The World Bank is Forecasting a Recession – Good News for Some
A global recession seems inevitable in 2023 based on a deluge of recent economic forecasts, most notably that of the World Bank, which downgraded their outlook for 2023 last week. Russia’s ruinous war against Ukraine, international inflation and continuing global trade conflicts over technology will also slow economic growth across many sectors. Some pundits are even wondering whether developments such as ChatGPT might negatively impact the labor market. Nevertheless, in every economic situation there are winners as well as losers, so who will potentially benefit from the global economic downtown?
Firms and technology that provide efficiencies
Businesses looking for efficiencies will be turning to global service centers as an ‘easy button’ on budget and manpower reduction. With global services centers offering experts in finance, IT and legal at a fraction of the cost of North America or Europe-based staff, they represent an extremely impactful solution to many companies challenged by shrinking margins and unexpected inflation. In many cases leveraging global service centers in places such as India can provide a 60% or higher savings on existing staffing costs. Improvements in technology also offer another important layer of savings and efficiencies. Technology companies that offer these services will benefit from the recession as customers are driven into their arms out of need. While ‘old’ tech companies such as Google and Microsoft are dramatically cutting staff in the face of the economic turndown, AI-focused tech companies are in growth mode as companies seek tools to improve how efficiently and quickly they do business.
FDI flows will change to the benefit of global allies
Last summer the term ‘friend-sourcing’ enter our FDI lexicons thanks to U.S. Treasury Secretary Yellen’s comments about the importance of nearshoring/offshoring in the ‘right’ geopolitical locations to keep supply chains safe. With the U.S. and most European nations sanctioning Russia and continuing their decoupling from China, other countries are sure to see a tangible FDI benefit. India, Vietnam, Indonesia, Malaysia, and lower cost NATO/EU nations such as Poland, Croatia and the Baltic nations should see an increase in investment from companies in G7 countries that are looking to save money, avoid export control scrutiny and diversify their supply chains away from locations that risk getting sanctioned due to their association with Russian activities or China.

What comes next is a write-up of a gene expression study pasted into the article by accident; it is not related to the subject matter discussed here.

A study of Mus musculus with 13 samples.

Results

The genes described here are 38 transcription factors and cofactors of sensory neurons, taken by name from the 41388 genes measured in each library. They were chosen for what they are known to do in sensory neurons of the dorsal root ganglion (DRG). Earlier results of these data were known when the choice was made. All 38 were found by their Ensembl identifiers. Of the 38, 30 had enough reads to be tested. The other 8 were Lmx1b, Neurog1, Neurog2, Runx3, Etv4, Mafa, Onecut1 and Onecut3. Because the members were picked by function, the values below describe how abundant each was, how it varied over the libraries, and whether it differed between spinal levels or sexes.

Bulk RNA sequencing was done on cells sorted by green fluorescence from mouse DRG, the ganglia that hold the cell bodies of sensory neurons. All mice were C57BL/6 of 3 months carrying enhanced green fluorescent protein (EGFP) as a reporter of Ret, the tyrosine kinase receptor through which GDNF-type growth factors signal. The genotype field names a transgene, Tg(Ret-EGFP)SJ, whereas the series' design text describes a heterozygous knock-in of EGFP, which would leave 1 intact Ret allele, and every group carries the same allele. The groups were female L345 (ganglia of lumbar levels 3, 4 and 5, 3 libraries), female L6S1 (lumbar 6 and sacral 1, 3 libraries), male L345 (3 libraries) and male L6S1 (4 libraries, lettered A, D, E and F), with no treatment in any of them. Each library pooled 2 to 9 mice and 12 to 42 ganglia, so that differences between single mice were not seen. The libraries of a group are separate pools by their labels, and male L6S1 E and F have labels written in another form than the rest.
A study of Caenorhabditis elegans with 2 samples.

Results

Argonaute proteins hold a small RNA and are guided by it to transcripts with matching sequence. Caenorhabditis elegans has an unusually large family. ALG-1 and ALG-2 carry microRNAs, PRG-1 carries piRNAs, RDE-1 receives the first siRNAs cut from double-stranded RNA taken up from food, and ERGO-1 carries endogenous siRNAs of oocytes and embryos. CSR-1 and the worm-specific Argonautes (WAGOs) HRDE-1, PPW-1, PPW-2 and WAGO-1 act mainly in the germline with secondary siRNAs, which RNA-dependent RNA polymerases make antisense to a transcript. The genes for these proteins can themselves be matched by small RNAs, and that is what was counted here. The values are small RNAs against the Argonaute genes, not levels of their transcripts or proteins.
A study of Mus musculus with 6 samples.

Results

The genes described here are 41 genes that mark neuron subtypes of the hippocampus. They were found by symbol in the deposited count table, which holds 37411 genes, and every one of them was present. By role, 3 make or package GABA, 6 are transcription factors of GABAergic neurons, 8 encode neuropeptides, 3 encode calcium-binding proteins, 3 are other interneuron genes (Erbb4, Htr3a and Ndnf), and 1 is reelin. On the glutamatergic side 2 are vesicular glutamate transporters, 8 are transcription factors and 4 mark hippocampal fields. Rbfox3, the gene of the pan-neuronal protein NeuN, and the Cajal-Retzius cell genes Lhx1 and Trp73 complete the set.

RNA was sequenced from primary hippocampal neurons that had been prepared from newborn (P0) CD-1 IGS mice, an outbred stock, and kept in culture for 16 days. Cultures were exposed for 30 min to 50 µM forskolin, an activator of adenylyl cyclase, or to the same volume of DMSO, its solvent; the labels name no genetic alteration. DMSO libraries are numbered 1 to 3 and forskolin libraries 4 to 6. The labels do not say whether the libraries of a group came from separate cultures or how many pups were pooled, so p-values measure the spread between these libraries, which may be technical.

Walmart and Costco have the welcome mat out
Low-cost retailers should also thrive in a recessionary economy. Companies such as Walmart, Costco, Aldi and their global equivalents were created to support customers who are looking to stretch their dollars/euros/yens to cover necessities and they will benefit from the increased foot traffic that the recession is certain to bring. While they may see a dip in their sales of higher-end products, staples and food products will see an uptick. There will be increasing pressure on suppliers to these retailers to lower their margins and pricing, which brings us back again to the ‘friend-shoring’ issue. With the dollar continuing to ride high, it’s cheaper to import many products so companies that can spread their manufacturing and production facilities outside of the U.S. will be more competitive.
How to win in a recession
Companies that can pivot to find efficiencies through technology and by taking advantage of the services and products available in the global market will thrive despite the global turndown, but only if their get it right the first time. If the blockage of the Suez Canal in 2021 taught us anything, it is that supply chains are at the mercy of numerous factors that can crush a company that is relying on thin margins in a tight economy. Political risk and supply chain research needs to be thorough and companies need to budget extra to ensure a diversity of sources. The concept of ‘Just In Time’ (JIT) sourcing needs to be balanced by the reality of ‘Just In Case’ (JIC) variation in sourcing. Businesses that are comfortable taking advantage of the global smorgasbord of shared service centers, new efficiency technology and growth and investment into safe ‘friend-shoring‘ opportunities will do well despite the recession.
Kirk Samson is a Director at the International Trade Association of Greater Chicago, an executive at the global consulting company Nexdigm, and a former U.S. diplomat and international law advisor.